Dakota Layton | February 1, 2020 |
Doug Jones Floor Speech on Donald Trump

The motion to subpoena witnesses for testimony in the impeachment trial of President Donald Trump failed last night in a 51-49 vote. Senators Susan Collins of Maine and Mitt Romney of Utah were the only Republicans to vote “yea” on the motion. The other two perceived swing votes, Senators Lisa Murkowski of Alaska and Lamar Alexander of Tennessee voted “no.”

“Senators who opposed hearing from these witnesses, when their testimony would have better informed a judgment on the guilt or innocence of the president, will be hard-pressed to explain why,” the Democratic House impeachment managers said in a joint statement.

“Senators chose instead to set a dangerous precedent that will have long-lasting repercussions for the United States Congress, the balance of powers, and our democracy as a whole.”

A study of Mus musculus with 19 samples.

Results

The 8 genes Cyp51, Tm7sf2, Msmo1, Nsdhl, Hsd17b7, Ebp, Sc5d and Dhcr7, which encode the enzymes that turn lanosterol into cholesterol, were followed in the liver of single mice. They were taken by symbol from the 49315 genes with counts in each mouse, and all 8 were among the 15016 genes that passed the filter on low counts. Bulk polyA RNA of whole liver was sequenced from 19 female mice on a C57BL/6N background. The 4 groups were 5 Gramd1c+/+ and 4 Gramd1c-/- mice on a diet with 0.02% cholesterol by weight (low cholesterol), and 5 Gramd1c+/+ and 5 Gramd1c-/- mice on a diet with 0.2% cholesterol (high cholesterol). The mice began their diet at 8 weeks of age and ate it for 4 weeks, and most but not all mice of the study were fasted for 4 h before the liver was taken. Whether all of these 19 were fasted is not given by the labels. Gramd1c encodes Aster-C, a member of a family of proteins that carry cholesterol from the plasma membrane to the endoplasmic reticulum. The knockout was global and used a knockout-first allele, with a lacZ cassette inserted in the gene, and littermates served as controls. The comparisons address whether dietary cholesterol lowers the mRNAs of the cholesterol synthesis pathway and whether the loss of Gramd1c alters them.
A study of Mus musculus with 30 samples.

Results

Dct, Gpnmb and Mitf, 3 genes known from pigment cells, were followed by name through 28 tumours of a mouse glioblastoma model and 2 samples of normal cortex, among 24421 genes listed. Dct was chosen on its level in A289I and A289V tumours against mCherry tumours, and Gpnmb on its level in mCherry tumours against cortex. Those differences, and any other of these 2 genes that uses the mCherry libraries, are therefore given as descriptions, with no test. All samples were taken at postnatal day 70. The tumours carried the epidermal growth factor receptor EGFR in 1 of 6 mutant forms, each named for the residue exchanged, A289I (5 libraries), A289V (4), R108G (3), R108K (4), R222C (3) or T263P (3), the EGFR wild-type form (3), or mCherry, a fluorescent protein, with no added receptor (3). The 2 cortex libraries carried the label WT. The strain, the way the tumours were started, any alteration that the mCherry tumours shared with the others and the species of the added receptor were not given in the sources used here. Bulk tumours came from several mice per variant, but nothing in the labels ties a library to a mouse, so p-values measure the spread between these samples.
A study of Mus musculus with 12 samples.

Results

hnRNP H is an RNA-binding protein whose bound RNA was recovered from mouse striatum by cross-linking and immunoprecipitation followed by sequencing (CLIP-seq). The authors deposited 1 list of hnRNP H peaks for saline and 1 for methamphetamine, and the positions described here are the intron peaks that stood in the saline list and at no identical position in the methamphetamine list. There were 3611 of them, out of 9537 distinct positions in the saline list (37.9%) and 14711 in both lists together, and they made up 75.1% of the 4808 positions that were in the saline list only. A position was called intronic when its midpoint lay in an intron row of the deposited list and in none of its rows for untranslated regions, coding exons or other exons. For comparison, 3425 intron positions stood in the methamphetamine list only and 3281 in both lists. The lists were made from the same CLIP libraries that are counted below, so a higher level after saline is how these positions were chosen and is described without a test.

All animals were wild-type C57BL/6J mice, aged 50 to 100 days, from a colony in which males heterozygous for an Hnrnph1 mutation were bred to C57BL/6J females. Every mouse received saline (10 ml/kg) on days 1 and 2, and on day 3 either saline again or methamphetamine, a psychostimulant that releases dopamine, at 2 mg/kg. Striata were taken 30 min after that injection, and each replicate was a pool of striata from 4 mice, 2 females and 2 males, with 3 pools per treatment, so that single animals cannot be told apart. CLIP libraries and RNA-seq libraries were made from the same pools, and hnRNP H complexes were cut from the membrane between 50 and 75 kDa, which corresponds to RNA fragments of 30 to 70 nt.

The two Alabama Senators cast differing votes on the issue. Republican Richard Shelby voted “nay” and Democrat Doug Jones voted “yea”. Shelby has also stated that he will vote “nay” on removing Trump from office.


“The framers of our Constitution were cautious to ensure that the impeachment and conviction of a sitting President would not be of partisan intent. The Senate holds the power to remove a duly elected President from office for actions that rise to the level of being a high crime or misdemeanor, not for conduct that some deem inappropriate,” he concluded.

Jones has not stated how he will vote on the articles, but he has indicated that he believes abuse of power is an impeachable offense. He found House Manager, Adam Schiff’s case for abuse of power to be “compelling,” but he seems to have doubtful reservations on the obstruction of justice charge.